Wednesday, April 6, 2011


Are you aware of the difficulty of coming up with a suitably hip but still meaningful name for a soon-to-be-born baby when you live in Brooklyn, where the most ordinary pre-K class includes Max, Liam, Wilfred who prefers to be called Frog, Grayce with a Y, Ella, Sadie, Luther, two Naomis, Quinn, Toby, Ruby, Ahikara, George, Henry and Elias?
Let me assure you of the difficulty, especially when it is compounded by the fact that both parents are inclined to choose family names, but obscure and relatively distant family names.
On one side the obscure and relatively distant family names, such as Schlomo, Moises, Gavril and Adi, hark back to the Polish rabbinate. On the other side we find French names such as Raoul, Constant, Clement, Armand, Arnould, Hippolyte, Jehan, Bardin and Louis. On that same side we also have WASPy names. Basically the same 4 names (Charles, Jeffrey, Richardson and Winthrop) have been used for about ten generations, which results in lots of juniors, thirds and confusion.
And have I mentioned that both parents are opinionated, stubborn and determined?
The first order of business is rejecting names, for all the usual reasons. She knew someone in high school named Constantine. Nix Constant. He played tennis against a Bartholomew who was notorious for foot-faults. Any kid named Hippolyte would be called Hippo, and never survive kindergarten.
She liked the names of German artists, such as Dieter or Gerhard or Kiefer (for Anselm, not Sutherland). His grandmother would be profoundly unhappy with a German name.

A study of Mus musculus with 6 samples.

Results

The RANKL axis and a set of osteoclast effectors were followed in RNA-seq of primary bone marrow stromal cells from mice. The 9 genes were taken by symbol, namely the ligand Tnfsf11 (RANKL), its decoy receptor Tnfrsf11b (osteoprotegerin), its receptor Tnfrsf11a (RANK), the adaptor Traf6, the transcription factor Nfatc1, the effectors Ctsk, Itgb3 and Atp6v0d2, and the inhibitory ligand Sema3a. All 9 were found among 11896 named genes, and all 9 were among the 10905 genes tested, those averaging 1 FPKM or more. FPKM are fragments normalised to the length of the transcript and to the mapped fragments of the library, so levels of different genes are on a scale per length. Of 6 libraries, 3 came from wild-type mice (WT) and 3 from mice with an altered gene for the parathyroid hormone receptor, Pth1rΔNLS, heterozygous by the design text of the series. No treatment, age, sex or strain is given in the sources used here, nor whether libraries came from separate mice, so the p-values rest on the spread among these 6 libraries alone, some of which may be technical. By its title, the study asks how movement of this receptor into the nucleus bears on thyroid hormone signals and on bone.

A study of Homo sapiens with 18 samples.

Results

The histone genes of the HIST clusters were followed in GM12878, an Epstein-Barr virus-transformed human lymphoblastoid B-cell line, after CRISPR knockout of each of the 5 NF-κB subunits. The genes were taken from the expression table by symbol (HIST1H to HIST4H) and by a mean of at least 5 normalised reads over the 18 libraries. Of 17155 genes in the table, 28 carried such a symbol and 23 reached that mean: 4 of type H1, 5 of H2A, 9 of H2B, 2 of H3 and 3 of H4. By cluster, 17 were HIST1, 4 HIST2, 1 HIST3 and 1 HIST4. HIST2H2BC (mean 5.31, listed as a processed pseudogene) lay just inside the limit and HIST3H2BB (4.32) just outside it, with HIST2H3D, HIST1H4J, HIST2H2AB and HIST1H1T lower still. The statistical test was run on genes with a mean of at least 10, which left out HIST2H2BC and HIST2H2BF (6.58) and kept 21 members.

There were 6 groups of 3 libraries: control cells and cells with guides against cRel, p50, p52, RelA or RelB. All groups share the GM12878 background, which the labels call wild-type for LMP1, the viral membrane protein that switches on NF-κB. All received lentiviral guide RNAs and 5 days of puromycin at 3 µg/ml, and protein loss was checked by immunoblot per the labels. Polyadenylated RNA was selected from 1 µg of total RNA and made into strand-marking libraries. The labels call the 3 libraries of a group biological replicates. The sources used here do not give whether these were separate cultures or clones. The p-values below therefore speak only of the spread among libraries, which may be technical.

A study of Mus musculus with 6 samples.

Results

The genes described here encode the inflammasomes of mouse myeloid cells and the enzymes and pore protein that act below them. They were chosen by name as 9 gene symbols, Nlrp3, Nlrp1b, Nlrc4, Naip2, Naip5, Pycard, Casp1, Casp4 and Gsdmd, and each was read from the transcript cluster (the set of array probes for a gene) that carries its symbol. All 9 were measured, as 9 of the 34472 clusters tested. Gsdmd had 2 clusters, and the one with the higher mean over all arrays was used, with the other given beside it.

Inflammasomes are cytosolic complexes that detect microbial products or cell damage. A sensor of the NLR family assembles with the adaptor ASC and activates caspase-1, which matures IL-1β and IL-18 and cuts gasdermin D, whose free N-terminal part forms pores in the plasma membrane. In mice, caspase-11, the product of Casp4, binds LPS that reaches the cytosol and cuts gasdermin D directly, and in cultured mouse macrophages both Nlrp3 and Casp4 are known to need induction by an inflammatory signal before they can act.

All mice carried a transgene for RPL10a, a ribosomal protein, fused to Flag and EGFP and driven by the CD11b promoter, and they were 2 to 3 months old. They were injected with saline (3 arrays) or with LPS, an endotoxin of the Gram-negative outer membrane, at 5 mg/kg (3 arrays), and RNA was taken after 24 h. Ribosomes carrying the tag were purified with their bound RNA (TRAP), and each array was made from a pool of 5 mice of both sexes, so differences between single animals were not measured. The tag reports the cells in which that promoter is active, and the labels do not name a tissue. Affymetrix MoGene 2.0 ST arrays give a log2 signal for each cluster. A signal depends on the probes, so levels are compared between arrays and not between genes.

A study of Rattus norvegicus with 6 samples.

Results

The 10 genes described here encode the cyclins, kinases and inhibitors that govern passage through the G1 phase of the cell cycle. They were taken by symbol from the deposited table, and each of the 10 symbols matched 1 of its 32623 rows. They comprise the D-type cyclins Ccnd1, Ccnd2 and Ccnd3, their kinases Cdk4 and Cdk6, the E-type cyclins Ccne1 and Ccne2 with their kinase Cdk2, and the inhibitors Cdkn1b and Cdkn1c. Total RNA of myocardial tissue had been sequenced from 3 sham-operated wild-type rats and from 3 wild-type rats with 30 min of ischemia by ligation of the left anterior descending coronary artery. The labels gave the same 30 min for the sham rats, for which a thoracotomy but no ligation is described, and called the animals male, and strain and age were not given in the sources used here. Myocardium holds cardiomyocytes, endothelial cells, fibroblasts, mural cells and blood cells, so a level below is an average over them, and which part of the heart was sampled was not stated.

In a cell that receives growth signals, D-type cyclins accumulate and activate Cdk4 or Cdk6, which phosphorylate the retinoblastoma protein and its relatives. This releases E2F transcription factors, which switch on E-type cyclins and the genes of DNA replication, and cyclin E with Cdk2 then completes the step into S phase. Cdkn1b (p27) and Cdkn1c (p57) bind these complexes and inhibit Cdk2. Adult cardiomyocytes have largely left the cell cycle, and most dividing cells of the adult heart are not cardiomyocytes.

What’s wrong with Anselm, I wonder? He was a great 11th century theologian who fought corruption in the church and opposed slavery. He is also a saint, but I won’t mention that to the parents in question.
Aldous (as in Huxley) was mooted for a while, then rejected, but I don’t know if the rejection was based on literary criticism or dissonance.
I have suggested the following for consideration: Aloysius, Sebastian, Benedict, Horace, Buckminster, Linus, Maurice, and Phineas. Around the holidays I put forth: Melchior, Balthazar or Casper. Casper got some traction. But then was tossed on the basis of the Friendly Ghost association. My argument is that every name has some association for somebody, and for that reason all such associations should be discounted. Except when they are not.
CSB fixated on Atom for almost a week.
Last night I had what I considered to be a brainstorm: Rainer. Or Rilke.
She liked it. He does not. And so it goes.

1 comment:

meg said...

clearly that was not the end of the discussion!